You won’t have to wait too long for this tech, as Tim Stackpool reports on technology ready for the office this year.
Our smart devices will have a new, faster and more efficient way to chat to each other in 2019. 5G wireless communication will be further rolled-out, with significant successful testing across the world already underway last year. Bolstering the ‘internet of things’, 5G promises to have our mobile phones, printers, databases, cars, medical gear, and our home dishwasher all talking to their manufacturer to report on maintenance requirements, and to online suppliers like Amazon to automatically purchase consumables.
Smart camera and face recognition
Elevator and lift manufacturers are combining existing technology to create a lift that knows where you want to go. It recognises your face, and remembers your most travelled destinations throughout the day. By placing cameras in strategic corridors, and noting your movements through the building, software designers for lifts have developed a method of predicting your most likely destination as you approach the lift. That way, the lift can be summoned before you press the call button, and can also appropriately predict destinations during periods of high demand.
Predictive text will create drafts from scratch
Embraced by some in 2018 as Google added it to the desktop version of Gmail, typing an email gave the user an option to have the next word and phrase suggested using ‘Smart Compose’. Some users have opted-out, but the experience of millions of others has improved the algorithm. By pulling from your message history, Google says “Smart Compose helps save you time by cutting back on repetitive writing, while reducing the chance of spelling and grammatical errors. It can even suggest relevant contextual phrases”. Moving forward, Google hopes these features will encourage EAs to pressure their IT departments away from MS Outlook in preference to Gmail for Business in 2019.
An increasing need for data security will see the introduction of biometrics rather than passwords become the norm. We’re well used to using our fingerprint to unlock our smartphone, but further demands on information security are reaching towards the unique electrical pulses created by our heartbeat to unlock our workstations. Developed over the past five years, these pulses are detected wirelessly and remotely, unlocking your computer as your approach your desk, and automatically locking it again as you walk away to a meeting or to grab lunch.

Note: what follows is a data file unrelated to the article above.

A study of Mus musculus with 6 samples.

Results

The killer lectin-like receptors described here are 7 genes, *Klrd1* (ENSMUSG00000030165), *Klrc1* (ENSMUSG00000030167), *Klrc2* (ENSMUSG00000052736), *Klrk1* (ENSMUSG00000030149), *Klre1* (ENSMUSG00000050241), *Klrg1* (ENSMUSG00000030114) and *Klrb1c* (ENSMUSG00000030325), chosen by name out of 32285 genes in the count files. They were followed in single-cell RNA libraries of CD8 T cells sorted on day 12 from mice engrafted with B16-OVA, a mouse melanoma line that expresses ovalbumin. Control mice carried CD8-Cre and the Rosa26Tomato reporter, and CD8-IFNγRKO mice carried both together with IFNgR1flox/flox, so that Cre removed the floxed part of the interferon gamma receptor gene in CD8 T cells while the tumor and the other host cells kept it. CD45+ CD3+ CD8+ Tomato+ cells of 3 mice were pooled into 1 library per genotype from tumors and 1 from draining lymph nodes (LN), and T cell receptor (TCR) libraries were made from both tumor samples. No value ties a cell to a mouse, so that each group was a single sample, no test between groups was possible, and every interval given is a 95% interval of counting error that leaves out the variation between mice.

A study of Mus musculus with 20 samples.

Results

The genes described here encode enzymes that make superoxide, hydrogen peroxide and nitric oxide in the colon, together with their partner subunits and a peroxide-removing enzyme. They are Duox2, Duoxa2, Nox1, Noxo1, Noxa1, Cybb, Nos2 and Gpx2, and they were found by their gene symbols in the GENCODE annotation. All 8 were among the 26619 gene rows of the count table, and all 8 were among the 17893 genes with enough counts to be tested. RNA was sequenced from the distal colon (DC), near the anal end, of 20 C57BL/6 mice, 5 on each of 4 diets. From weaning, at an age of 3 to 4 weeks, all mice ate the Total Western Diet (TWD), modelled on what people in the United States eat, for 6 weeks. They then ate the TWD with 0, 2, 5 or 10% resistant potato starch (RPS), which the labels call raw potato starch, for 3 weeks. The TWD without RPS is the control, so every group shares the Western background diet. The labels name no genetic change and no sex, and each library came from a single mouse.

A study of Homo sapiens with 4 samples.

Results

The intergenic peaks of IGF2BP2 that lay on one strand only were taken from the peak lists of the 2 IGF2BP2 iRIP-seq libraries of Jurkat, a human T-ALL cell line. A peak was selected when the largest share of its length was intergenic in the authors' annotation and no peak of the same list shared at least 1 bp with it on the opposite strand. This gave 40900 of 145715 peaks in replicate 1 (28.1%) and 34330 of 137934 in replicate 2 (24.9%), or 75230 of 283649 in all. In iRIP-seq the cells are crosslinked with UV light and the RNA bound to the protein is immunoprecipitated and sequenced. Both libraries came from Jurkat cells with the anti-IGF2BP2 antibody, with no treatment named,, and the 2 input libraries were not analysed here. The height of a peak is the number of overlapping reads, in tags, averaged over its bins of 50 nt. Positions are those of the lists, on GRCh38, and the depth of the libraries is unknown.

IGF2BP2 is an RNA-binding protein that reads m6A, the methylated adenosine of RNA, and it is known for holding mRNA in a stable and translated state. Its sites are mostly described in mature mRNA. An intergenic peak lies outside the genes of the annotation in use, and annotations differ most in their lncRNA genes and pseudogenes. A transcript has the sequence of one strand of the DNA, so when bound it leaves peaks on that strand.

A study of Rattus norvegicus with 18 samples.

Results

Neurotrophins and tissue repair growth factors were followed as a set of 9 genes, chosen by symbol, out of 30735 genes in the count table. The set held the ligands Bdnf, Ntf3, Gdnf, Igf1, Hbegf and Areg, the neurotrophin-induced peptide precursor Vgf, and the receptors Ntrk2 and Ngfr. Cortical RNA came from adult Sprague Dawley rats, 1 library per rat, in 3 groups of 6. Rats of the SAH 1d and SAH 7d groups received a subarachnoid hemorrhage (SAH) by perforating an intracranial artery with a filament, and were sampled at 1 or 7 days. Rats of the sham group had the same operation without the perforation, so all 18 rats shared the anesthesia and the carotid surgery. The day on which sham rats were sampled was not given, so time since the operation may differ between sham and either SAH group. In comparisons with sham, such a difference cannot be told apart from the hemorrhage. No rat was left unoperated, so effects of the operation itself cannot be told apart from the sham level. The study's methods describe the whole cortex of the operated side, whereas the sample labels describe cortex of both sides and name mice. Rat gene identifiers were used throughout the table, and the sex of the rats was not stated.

With Virtual Reality no longer the soupe du jour, Augmented Reality is fast becoming entrenched when it comes to workplace training. By engaging the camera on a smart device, a guide to using the new office printer, photocopier or video conference gear can be overlayed on the screen, indicating the real buttons, settings and paper trays required for various functions. By ‘talking you through’ and following your exact actions, Augmented Reality Learning ensures that the education is practically applied, and can be repeated to assist when certain devices or operators are not enlisted for months at a time, and features of the equipment are forgotten.
Bendable smartphone screen
Not just a hinged phone with two screens, the foldable display bends the actual screen, allowing us to carry a phone sized tablet without the bulk. Leave it folded to act as a regular phone, unfold the device for a tablet-like experience. This tech has been promised for years, but a recent unveiling in front of a huge audience resulted in thunderous applause as the much promised, but elusive development in smartphone technology was finally demonstrated. Reliable foldable displays are likely to become the next battle between iPhone and Android features.